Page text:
About 71% of the Earth’s surface is covered with water and while technology for traveling on dry land has developed that allows people of moderate income to cover a fair amount of ground relatively quickly, underwater exploration of a comparable sort has remained out of reach for all but a few. In terms of individual exploration, the ‘luxury seatoy’ SEABOB underwater scooter has infiltrated the dreams of those interested in underwater transport — but with a price tag of about $17,000 it will remain a dream for most. In response to the inaccessibility of this kind of technology, one young man decided he was going to work to create a more price-friendly alternative.
This innovative young man, Archie O’Brien, worked with 3D Hubs to create his underwater enhanced transportation device, which he has named the CUDA. O’Brien’s creation won him first place in the recently announced 2018 3D Hubs Student Grant program in the Product Design category.
The CUDA is a jet propulsion-driven backpack which the user wears allowing a hands-free jet pack experience underwater. The initial idea was to miniaturize a jet ski and utilize that, but it didn’t quite fit in the backpack configuration. After a careful reading of “Numerical Analysis of a Waterjet Propulsion System” by Norbert Willem Herman Bulten, O’Brien was convinced that despite the difficulties involved, he could come up with something that would be better suited to the backpack configuration.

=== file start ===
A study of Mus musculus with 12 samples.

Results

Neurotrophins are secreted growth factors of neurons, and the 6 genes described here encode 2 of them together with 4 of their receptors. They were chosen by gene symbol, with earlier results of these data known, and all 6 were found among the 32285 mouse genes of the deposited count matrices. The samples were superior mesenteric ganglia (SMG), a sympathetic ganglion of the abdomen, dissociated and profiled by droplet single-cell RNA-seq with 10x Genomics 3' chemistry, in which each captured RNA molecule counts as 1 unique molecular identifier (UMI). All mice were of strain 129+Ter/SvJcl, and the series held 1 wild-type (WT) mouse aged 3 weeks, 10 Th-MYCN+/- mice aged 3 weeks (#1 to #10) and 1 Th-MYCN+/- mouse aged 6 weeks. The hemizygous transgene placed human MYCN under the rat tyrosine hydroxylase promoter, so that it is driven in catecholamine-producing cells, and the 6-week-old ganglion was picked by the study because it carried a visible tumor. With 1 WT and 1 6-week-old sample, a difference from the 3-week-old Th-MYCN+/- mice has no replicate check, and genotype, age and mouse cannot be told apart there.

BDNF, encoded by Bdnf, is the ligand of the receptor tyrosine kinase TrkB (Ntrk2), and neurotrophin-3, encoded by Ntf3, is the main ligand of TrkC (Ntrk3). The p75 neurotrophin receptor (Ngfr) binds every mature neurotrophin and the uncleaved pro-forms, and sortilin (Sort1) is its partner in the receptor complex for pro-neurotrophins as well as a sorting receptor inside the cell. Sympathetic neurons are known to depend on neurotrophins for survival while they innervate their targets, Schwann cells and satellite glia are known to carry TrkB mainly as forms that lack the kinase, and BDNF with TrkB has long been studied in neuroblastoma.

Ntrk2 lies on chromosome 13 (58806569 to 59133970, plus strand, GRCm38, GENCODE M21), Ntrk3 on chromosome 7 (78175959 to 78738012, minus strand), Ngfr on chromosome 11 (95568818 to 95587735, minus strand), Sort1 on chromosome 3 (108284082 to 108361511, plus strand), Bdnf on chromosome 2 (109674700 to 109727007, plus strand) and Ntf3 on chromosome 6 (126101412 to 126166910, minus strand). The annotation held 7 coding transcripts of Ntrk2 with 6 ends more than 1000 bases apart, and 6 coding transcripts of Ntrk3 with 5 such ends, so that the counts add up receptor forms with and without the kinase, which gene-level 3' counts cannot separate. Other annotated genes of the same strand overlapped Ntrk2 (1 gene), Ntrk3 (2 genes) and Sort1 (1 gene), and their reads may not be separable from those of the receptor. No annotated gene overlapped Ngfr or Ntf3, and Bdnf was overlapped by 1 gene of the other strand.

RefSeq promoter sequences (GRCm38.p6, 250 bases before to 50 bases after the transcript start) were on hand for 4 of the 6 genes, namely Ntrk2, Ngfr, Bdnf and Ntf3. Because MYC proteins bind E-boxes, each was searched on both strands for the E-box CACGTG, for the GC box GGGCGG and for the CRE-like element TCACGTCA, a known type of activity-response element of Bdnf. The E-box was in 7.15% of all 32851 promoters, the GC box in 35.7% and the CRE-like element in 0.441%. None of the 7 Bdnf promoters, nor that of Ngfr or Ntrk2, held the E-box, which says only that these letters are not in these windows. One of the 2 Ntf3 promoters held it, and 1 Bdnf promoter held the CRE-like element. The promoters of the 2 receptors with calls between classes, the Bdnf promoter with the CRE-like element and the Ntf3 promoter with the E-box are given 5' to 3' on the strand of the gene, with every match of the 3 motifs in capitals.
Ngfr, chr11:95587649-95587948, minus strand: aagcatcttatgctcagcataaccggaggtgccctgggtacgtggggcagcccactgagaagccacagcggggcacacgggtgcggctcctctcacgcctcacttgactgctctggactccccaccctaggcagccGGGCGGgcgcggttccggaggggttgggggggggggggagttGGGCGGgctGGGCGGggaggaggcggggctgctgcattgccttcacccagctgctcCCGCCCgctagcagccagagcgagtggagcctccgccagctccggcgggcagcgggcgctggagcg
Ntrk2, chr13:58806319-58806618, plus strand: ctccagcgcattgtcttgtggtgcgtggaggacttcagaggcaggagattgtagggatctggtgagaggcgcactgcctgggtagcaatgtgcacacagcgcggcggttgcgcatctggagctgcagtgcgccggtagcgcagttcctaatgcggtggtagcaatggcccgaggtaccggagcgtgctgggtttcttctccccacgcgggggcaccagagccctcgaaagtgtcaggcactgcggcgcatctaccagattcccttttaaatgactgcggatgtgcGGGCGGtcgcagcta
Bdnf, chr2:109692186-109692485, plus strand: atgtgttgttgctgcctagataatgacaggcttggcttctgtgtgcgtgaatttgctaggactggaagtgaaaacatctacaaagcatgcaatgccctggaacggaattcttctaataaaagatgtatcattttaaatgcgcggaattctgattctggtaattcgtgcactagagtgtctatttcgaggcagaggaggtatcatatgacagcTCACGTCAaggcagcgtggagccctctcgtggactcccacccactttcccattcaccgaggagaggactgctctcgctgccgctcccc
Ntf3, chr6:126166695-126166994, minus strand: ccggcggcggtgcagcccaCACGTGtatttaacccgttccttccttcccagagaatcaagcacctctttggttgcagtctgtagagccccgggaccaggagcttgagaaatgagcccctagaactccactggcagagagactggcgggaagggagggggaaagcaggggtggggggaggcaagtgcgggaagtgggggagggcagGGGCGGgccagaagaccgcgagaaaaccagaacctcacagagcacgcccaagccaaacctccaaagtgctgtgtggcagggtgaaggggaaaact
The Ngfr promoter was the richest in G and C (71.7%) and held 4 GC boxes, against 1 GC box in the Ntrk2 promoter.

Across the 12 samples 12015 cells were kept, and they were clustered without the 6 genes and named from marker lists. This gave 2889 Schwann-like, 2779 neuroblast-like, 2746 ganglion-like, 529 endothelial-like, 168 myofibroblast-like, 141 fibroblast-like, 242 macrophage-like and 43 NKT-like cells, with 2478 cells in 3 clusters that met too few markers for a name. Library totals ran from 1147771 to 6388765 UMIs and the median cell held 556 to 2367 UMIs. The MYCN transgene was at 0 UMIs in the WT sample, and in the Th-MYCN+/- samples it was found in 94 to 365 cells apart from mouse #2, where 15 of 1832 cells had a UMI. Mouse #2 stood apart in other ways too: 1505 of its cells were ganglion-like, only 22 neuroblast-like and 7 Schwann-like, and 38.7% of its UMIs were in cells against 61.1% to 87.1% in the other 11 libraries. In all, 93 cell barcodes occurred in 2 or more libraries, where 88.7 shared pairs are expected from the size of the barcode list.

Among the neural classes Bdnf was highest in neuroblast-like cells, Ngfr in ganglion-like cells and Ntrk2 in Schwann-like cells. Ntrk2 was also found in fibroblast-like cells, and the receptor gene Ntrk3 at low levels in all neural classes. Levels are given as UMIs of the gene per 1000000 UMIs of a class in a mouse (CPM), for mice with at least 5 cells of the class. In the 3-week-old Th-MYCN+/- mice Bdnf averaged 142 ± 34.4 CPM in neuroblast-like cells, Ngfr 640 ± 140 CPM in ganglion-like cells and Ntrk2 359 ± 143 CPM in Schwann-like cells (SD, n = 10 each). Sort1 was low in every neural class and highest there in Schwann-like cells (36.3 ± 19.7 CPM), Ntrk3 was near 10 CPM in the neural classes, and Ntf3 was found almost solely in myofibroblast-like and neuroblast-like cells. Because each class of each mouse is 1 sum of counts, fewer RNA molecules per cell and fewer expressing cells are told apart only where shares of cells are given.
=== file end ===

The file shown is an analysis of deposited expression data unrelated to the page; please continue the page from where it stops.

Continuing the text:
With dreams of gliding effortlessly through the clear waters off of Iceland or as a member of a pod of dolphins, he set out to experiment and research and experiment again. In order to be able to quickly create and rapidly iterate while developing the jet pack, O’Brien utilized 3D printing and CNC technologies. This also allowed him to control for costs as it was part of his primary objective to create something that could be significantly more affordable than anything else on the market. As such, he used FDM technology and PLA, two of the most widely accessible and economically viable methods for fabricating. In addition, SLS was used to create the impeller, using carbon fiber infused powder which gave extreme stiffness needed for such parts.
The key test was determining how the 45 3D printed parts would hold up underwater. To prepare them to operate in such extreme conditions, all the 3D printed parts were first coated with a thin layer of epoxy resin that was then slow-dried, and silicone seals were added to all of the access doors in order to keep water from leaking in and shorting out the battery and other electronics.
But, of course, the proof of the pudding is in the eating, and so there was nothing else to do but throw the thing on and get in the water, which O’Brien has done with gusto, testing the CUDA out in both pools and open water. In addition, parts have been left in water for months to see if they can withstand prolonged exposure, and so far it has all been up to snuff. The CUDA itself requires only 10 minutes to assemble – though I’m assuming that’s for someone with experience if my history of IKEA assembly finish times are any indicator. Once assembly is complete, the backpack is designed to work intuitively, with its harness holding it at 90 degrees in relation to your shoulders and speed controlled by a handheld trigger.
The CUDA is currently patent pending with hopes for the first commercially available models to hit the market in 2019.